According to our news media, Russia has been radioactive since at least the Trump inauguration, if not Chernobyl. Today, a scintillating story has broken, telling of released radiation following explosion of an experimental engine using “radioisotopes and liquid propellant.” The engine is speculated to be related to Russia’s development of a hypersonic missile.
The “radioisotopes” got my attention. Radioisotope thermoelectric generators (RTG‘s) have been around for quite some time and used to power niche items like isolated lighthouses and spacecraft. They use heat resulting from the known and predictable decay of various radioactive heavy elements to produce electricity.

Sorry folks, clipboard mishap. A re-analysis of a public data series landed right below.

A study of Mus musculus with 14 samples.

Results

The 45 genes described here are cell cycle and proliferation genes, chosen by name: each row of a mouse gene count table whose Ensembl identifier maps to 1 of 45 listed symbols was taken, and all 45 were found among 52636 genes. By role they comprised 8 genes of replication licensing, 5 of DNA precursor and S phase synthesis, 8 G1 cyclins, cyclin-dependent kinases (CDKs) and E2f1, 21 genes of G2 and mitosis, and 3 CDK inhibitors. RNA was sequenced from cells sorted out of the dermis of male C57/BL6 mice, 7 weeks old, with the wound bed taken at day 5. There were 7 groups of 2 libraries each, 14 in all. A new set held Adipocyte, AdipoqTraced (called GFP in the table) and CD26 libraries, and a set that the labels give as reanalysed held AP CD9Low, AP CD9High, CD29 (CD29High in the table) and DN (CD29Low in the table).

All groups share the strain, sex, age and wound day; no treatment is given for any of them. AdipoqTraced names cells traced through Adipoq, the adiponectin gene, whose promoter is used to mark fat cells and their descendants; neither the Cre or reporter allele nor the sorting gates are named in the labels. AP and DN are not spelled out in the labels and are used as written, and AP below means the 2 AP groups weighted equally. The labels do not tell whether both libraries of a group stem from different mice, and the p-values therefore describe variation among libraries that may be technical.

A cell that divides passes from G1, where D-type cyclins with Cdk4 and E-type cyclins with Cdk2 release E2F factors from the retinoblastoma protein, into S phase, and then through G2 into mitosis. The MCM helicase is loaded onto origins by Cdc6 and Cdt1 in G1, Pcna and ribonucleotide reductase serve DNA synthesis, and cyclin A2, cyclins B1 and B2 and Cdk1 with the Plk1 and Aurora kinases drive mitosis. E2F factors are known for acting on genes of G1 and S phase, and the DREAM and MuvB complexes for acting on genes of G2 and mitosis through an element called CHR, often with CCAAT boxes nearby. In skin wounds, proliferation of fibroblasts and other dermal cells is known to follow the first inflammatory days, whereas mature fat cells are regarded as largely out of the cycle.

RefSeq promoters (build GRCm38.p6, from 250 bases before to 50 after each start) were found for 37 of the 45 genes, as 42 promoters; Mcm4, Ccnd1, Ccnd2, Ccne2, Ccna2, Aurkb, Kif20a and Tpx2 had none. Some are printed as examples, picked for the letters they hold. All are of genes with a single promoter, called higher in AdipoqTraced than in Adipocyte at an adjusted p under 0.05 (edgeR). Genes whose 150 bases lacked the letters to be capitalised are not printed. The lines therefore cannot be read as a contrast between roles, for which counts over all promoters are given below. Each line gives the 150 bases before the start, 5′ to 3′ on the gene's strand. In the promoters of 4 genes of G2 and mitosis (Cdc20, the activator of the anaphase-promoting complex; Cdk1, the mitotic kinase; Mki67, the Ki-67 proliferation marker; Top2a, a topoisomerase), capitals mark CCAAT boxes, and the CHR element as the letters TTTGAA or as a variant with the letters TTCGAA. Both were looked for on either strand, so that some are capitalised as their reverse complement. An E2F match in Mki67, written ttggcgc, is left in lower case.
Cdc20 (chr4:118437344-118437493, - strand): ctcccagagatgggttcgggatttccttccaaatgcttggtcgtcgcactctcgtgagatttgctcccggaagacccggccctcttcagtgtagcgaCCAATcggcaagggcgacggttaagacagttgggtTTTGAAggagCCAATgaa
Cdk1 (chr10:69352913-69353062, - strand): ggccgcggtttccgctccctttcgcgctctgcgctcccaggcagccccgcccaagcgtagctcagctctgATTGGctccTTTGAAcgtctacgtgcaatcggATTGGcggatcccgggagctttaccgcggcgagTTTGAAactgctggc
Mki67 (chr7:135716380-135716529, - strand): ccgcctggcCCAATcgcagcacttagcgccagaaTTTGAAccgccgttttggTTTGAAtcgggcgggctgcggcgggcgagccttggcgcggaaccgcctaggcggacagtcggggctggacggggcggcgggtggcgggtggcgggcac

However, the quantity of electricity generated by RTG’s, while long-lasting, is quite limited – in the range of 10 – 100 watts; think lighting your grandfather’s 8mm movie camera floodlights. Hardly enough to power a hypersonic missile, no matter what the liquid fuel. Previously, John Walker has described proposed and early development of nuclear propulsion for aircraft and rocket engines, but these were fission reactors. So, several questions arise: 1. was reference to radioisotopes simply covering up for an actual nuclear accident of some kind? 2. Is there some plausible use for an RTG in a hypersonic missile along with a “liquid propellant”? Presumably, this missile is at least in part, air-breathing; what would electricity add to that? 3. Is it imaginable this was actually a miniaturized fission reactor squeezed into a hypersonic missile? The ones I have seen are pretty small. Seems unlikely.
Anybody else find this fascinating? Any thoughts or answers to these questions?